Dr James Peters writes:
A small project has recently been undertaken to improve links between Special Collections catalogues and Wikipedia articles. This will enhance the discoverability of our collections by representing them in an information resource which is used by millions every day.
Wikipedia is now recognised as a key Web-based information resource; the online encyclopaedia contains millions of articles, and has become a respected and trusted source of information for its users.
An online global community of authors and editors – Wikipedians – is continuously engaged in adding to and updating entries. Wikipedia articles are the product of many hands, and this is generally a strength as it brings together and refines information from diverse sources.
Wikipedia articles can link to external information resources, such as online archive catalogues. This is a useful way of indicating the additional sources of information available for the individual or organisation that is the subject of a Wikipedia article
I have been looking at how the Library’s archive collections are represented on Wikipedia. The issue first came to attention when I noted that some Wikipedia articles which referenced our collections often did so inaccurately or had broken links to the relevant archive catalogues. I decided to investigate the issue more systematically by checking Wikipedia articles on 700 individuals and organisations whose archives we look after.
The findings were interesting. Only around 5% of articles referenced a related archive collection held by Special Collections. In a further 300 cases, there were Wikipedia articles for individuals and organisations, but without any information about related archival resources. Perhaps surprisingly, over half the individuals or organisations whose archives we look after have no Wikipedia entries. Admittedly some of these are very obscure or not appropriate for Wikipedia treatment, but there were also some well-known names missing.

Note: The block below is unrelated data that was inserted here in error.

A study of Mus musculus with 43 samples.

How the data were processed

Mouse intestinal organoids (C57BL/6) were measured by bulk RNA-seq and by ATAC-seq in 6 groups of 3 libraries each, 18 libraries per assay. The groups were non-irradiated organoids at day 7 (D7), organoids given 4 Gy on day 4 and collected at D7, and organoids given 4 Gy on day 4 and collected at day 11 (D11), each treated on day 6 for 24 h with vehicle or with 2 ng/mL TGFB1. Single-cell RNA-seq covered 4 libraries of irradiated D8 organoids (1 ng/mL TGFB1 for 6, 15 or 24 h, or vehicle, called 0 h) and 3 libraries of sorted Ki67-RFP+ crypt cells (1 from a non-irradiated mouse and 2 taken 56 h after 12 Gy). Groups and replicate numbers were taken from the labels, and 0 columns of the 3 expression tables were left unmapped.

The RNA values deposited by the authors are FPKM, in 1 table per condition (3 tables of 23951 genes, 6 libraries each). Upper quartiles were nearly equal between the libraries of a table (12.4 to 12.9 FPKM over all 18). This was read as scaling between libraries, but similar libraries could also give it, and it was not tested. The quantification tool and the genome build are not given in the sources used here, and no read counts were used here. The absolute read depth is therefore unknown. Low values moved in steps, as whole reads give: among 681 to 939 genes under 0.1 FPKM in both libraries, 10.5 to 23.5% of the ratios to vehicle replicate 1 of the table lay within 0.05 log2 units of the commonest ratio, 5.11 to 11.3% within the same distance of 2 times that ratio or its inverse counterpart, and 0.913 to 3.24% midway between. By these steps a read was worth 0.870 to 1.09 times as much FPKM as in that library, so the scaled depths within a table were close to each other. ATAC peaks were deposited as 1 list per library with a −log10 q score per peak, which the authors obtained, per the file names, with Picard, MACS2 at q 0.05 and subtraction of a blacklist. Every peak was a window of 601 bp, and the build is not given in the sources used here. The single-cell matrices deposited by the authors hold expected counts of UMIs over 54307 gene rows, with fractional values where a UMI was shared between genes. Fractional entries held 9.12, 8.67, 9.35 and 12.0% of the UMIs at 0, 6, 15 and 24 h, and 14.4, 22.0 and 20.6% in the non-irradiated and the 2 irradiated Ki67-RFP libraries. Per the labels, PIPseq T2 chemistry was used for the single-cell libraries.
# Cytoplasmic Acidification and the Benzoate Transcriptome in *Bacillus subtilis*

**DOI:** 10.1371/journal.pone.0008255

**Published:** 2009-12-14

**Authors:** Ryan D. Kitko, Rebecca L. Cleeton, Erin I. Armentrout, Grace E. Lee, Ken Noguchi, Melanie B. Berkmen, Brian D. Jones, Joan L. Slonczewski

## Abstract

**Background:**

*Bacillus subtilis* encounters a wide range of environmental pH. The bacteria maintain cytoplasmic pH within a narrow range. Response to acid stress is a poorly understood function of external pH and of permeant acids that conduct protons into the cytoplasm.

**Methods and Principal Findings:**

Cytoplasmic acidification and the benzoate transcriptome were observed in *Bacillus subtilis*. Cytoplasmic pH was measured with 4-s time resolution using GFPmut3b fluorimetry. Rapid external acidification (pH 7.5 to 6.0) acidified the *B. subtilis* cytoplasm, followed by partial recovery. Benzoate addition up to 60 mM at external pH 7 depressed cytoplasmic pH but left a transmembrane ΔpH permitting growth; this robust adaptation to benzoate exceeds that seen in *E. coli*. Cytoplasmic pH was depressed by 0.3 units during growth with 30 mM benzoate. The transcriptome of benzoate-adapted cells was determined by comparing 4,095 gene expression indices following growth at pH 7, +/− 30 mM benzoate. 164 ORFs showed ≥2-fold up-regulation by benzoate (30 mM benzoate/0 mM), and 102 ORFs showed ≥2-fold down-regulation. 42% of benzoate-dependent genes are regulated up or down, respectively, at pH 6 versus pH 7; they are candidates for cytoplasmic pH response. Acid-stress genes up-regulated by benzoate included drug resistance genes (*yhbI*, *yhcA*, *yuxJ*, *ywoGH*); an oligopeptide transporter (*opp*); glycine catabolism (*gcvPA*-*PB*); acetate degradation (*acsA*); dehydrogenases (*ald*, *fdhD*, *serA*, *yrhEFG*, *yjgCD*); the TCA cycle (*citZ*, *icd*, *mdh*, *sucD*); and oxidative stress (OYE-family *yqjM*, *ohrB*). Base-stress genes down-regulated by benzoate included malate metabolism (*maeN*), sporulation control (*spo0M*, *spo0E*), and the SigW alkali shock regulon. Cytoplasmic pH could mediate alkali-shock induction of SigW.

Having had some basic training as a Wikipedia editor, I have begun to remedy this situation. Where collections are already referenced in a Wikipedia article, information has been checked for accuracy and working links created to our archive catalogue, ELGAR or the Guide to Special Collections. A further hundred or so articles now have information about a related archive held by us; this information is usually added to the External Resources section of the article, and linked to ELGAR or the Guide. In some cases links were created instead to the relevant entry in the National Archives’ Discovery catalogue, which is better for conveying information about archives which are held by multiple repositories. Some important archives such as the papers of Samuel Alexander, T.F. Tout and Annie Horniman are now referenced in their Wikipedia articles.
There is still work to be done. In some cases, although Wikipedia articles exist for an individual or organisation, the Library does not have a public description of the archive associated with them. This is hopefully something which can be tackled in future, as more material is catalogued. We can also contribute to new Wikipedia articles for those individuals and organisations that currently lack them, and in the process help to ensure that our collections are properly publicised.